Release Date: May 26, 2020
Series: Marriage of Convenience
Heat Level: Warm
Publisher: Penguin Group
Marry in Scarlet is the fourth entry in Anne Gracie’s Marriage of Convenience series. The novel is about Lady Georgiana “George” Rutherford, a rather unconventional young heiress and the brooding and aloof Duke of Everingham. After being caught in a compromising position the pair are forced into a marriage of convenience that George isn’t sure she wants. Can the underlying passion between them be enough?
This book was my first in the Marriage of Convenience series, and I will warn that I do not think you should read these out of order. There are several pieces of plot and characters that appear in this novel which are reliant on previous events. Gracie writes regency novels very much in the vein of Judith McNaught or Stephanie Laurens. This means the pacing, language, and characters often are not as modern feeling as a Lisa Kleypas or Julia Quinn novel. I usually don’t mind this different style of writing since it’s the language of romance I cut my teeth on, but in this novel it felt a bit dated.
Lady George is written as a hoyden that made me think of the titular character in Whitney My Love by Judith McNaught. She is brash in her words and attitudes about men and marriage. She has refused several offers of marriage before the start of this book, and she’s garnered a reputation as “untouchable” by the young men of the ton. She declares she will never marry, and her sole goal is to live alone in the country with her dogs and horses for company. She’s so uninterested in men, that she doesn’t even recognize her growing attraction for Everingham for anything else than an annoyance.
The Duke is an aloof and calculating man, who was left at the altar by George’s young aunt, Rose. He’s considering exiting the marriage mart for a time, but after a few encounters with George he finds himself intrigued. Rather ruthlessly he devises a plot to ensure that she becomes his, despite her explicit disapproval of him. I did like that this Duke, unlike so many others in regency romance, appeared to be capable of self-reflection and reform. When George points out several rather large hypocrisies to the Duke, he apologizes rather than becoming angry with her. However, this small amount of growth did not feel enough to me. George insists on getting to know each other better, but the Duke always manages to sidestep most of the sharing and instead gets George to spill some of her most closely held secrets.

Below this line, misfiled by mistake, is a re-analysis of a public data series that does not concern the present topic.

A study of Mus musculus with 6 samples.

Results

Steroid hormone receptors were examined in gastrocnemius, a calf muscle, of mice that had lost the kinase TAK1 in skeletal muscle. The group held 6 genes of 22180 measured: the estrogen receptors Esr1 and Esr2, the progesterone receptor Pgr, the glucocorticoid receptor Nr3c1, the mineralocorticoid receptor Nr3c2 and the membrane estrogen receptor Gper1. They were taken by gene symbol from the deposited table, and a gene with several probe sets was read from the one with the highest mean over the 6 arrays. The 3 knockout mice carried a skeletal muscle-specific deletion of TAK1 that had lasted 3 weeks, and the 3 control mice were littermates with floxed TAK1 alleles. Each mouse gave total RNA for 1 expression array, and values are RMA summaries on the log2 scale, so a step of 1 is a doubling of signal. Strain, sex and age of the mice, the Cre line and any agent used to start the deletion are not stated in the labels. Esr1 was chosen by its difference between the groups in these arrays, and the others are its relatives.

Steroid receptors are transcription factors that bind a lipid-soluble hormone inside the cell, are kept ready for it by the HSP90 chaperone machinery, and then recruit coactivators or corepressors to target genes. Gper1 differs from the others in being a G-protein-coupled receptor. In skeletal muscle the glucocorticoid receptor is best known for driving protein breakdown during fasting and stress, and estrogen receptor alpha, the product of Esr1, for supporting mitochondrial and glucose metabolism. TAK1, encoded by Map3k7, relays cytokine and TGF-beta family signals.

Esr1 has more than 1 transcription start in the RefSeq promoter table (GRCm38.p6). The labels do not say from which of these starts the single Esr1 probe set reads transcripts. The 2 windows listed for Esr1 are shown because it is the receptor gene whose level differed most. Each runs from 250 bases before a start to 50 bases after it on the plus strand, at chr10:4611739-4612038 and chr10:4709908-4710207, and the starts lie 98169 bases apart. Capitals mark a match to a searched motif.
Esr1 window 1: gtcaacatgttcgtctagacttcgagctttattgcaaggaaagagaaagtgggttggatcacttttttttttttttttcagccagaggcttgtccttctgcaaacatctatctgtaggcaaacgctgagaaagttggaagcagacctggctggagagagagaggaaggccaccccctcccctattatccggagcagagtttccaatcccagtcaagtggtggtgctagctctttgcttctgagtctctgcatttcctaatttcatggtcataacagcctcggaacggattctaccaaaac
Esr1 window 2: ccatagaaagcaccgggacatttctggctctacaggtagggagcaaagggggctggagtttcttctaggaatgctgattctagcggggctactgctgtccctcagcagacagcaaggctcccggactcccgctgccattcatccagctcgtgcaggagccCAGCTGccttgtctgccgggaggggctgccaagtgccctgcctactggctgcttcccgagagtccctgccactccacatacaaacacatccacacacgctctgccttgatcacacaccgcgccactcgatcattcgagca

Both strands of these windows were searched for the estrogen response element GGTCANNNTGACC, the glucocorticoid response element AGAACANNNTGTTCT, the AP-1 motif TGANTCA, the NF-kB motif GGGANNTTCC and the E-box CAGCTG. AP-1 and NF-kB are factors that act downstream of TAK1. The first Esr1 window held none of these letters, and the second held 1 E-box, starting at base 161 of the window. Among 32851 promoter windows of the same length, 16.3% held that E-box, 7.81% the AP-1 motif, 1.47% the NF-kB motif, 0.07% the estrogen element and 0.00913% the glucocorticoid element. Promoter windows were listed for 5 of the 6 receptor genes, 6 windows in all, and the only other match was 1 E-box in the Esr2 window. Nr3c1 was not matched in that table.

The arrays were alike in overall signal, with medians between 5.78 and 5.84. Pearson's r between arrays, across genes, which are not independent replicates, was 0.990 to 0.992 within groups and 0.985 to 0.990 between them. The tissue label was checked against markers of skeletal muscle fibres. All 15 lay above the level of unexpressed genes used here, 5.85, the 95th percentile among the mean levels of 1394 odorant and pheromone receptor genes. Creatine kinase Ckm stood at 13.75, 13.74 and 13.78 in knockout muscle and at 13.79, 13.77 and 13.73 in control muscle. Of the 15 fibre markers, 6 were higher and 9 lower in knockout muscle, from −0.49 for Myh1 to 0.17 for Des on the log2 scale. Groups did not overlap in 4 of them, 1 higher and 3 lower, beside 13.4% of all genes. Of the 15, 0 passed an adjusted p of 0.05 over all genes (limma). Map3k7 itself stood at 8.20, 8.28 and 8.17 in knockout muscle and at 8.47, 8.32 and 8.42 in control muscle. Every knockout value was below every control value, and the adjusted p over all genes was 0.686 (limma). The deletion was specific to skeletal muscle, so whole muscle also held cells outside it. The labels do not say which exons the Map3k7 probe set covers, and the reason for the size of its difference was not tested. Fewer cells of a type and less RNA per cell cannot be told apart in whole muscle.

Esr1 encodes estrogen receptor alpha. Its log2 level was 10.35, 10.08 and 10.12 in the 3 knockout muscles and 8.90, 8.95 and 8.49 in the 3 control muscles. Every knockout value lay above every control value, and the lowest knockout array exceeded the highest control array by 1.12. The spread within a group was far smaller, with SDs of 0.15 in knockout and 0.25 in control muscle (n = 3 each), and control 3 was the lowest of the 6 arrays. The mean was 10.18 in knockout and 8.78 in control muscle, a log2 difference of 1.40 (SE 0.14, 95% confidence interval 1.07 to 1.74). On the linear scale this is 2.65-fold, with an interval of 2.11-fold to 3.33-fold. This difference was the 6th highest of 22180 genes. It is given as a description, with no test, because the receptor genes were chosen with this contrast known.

The blurb for this book had led me to believe that the passion between these two would fairly burn up the pages. Instead this was a very slow burn that didn’t amount to any real passion until nearly three-quarters of the way through the novel. I had hoped the marriage would occur early in the novel since this series was supposed to be about marriages of convenience, but for most of the book these two barely spend any time together on page. This slow burn became nearly unbearable, but not much else was happening in the book. There’s not a secondary subplot until around 85% of the way into the novel and by that time it felt like too little too late.
Overall, I prefer my romance to be written in a more modern voice with a faster pace. Even in a slow burn romance I want action to be occurring around the couple that helps increase the tension between them. There was so little action in this novel it was easy to find my mind wandering as I read. I never connected with either of the two main characters and found myself actively wishing for some sort of drama to spice things up. If you’re into slower paced novels with plots that are built on the internal workings for society and families, then you may enjoy this novel. If you’re like me and need the novel to really pop off the page, then this probably isn’t for you. This gets a 3 from me, and I’d offer Devil’s Bride by Stephanie Laurens as a better example of a marriage of convenience between a brooding male and a hoyden.